People often call Thomas, the disciple of Jesus, Doubting Thomas. Since we share the same name I feel a bit of an affinity with him, and as such, get a little offended on his behalf that he’s known as Doubting Thomas – it doesn’t seem fair. The other disciples don’t get names like that. Peter isn’t called Denying Peter. And Judas (who betrays Jesus) is called Judas Iscariot when he could be called Betraying Judas. When I was a kid I thought his name was Judas the Scariot, so I thought that if you were a scariot you were a bad person – “You thief, you scoundrel, you scariot!”. It turns out Iscariot was his Dad’s last name.

Poor old Thomas. He only doubted one time, and now he’s called Doubting Thomas as if he spent his whole life doubting. I’m pleased people don’t use the same naming standard for me, otherwise, I might be known as Loud Museum Farting Tom or Tom Who Asks Girls Out for Dares. A one time action shouldn’t define a whole person. At very least Thomas should be called Thomas Who Once Doubted, that would be bit more fair and accurate.

When Jesus rose from the dead and turned up to the disciples, for some reason Thomas wasn’t with them. The Bible doesn’t tell us why. Maybe he was helping the elderly or getting take away Thai food for the disciples, maybe he was just depressed that Jesus had died and decided not to get out of bed that day. Whatever the reason, poor Thomas misses it. When Thomas does arrive, having missed Jesus’ appearance, the disciples tell him that Jesus has risen from the dead, he doesn’t believe them. This seems totally reasonable to me. If my friends told me that our good friend who died had come back to life, I would doubt them too. As a general rule, dead people stay dead. It makes sense to doubt the disciples. He should be called Reasonable Thomas or Rational Thomas, not Doubting Thomas.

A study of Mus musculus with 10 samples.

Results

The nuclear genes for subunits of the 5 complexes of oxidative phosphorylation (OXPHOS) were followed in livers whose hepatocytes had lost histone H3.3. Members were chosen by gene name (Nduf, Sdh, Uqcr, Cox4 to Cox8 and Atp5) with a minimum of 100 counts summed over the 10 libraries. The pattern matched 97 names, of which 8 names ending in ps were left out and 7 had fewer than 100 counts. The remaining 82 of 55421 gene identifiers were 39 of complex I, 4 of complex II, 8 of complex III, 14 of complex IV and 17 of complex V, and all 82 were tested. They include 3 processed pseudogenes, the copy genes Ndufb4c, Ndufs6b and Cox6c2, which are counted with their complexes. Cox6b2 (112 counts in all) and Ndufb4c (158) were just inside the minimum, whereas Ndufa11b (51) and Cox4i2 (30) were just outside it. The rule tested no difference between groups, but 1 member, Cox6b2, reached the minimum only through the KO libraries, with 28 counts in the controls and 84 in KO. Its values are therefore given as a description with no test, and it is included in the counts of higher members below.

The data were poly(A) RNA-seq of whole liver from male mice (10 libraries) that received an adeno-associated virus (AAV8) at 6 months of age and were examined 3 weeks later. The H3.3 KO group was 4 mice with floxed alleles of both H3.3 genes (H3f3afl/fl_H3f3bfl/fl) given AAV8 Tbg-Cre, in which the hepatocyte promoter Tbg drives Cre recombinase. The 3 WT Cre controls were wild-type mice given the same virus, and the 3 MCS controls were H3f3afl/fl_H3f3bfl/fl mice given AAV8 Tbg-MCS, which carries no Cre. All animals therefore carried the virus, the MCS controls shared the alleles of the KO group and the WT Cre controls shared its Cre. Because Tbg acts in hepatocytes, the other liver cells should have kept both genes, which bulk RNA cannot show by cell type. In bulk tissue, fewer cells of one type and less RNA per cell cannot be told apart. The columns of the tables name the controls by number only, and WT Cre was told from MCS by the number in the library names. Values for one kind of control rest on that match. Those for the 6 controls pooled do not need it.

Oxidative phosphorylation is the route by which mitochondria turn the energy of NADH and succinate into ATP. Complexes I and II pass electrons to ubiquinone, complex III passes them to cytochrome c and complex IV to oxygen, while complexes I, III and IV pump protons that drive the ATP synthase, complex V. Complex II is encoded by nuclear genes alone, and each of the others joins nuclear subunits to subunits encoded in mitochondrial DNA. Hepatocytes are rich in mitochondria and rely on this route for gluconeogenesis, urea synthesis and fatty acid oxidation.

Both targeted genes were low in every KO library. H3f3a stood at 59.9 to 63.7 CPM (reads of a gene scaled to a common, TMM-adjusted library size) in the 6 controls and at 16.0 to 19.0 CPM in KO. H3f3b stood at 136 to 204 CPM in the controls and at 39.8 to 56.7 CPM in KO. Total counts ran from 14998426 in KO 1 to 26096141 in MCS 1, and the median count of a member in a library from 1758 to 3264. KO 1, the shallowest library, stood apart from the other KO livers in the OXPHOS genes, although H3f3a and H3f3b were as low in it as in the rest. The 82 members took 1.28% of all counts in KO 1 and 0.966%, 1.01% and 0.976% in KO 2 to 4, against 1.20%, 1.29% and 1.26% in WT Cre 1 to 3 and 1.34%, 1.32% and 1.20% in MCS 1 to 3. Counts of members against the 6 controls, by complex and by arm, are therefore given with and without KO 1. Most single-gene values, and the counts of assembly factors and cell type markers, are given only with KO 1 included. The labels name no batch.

Of course, I know what you’re thinking, Jesus did many miracles, and he did say he would rise again on the third day, they should have been expecting his resurrection. But I suspect that it might be easy to dismiss what Jesus had said was just a metaphor or something. He had very recently given them some bread and wine and said it was his body and blood so it would be understandable to assume the whole dying and rising language was also some obscure thing that was going over the disciples’ heads. Jesus did say a lot of odd things.

What I love about the story of Thomas is how Jesus responds to him. A week after Thomas declares that “Unless I see the nail marks in his hands and put my finger where the nails were, and put my hand into his side, I will not believe.” Jesus turns up and offers him that very opportunity. Jesus says “Put your finger here; see my hands. Reach out your hand and put it into my side. Stop doubting and believe.” I suspect manually inspecting a person’s wounds out of curiosity was as discourteous in the first century as it would be today, but Jesus gives Thomas the opportunity to have his (rational) doubts dealt with. Jesus doesn’t scold Thomas for his doubt, and he doesn’t tell him off for misunderstanding the plain language about his death and resurrection. He gives him the proof he asks for and then, knowing he has proved his resurrection, tells him it’s time to believe in his risen Lord.

Thomas’ doubt gives us the chance to see that Jesus isn’t angry at those of us who have questions. Thomas gives us the opportunity to see that doubt is a valid and important part of spiritual discovery. Because of Thomas doubters can have a safe place in the family of faith. What a guy!

At the end of the story, Rational Thomas does what no one else has done up to this point, he recognises Jesus for who he is. He says “My Lord and my God.” He is the first to worship Jesus as God! He doesn’t ask for more proof, he doesn’t even take Jesus up on his generous offer to inspect his side (despite what the painting above shows). Thomas believes and worships. What a hero! He should be called Worshipping Thomas, Smart Thomas, or Reasonable Thomas because if a man turns up before you having beaten death all on his own, it’s only right to worship him as God. If only all of us who believe in Jesus’ resurrection were able to make the logical step that this event means that Jesus is God and requires your worship and obedience. My life certainly doesn’t always reflect my belief in the death-beating God-man.

So please, World, stop calling him Doubting Thomas, you wouldn’t like it if that was your name. Call him Smart Tom, Hero Tom, Best Disciple Tom. And while you’re at it, you can call me the same thing too. I won’t mind.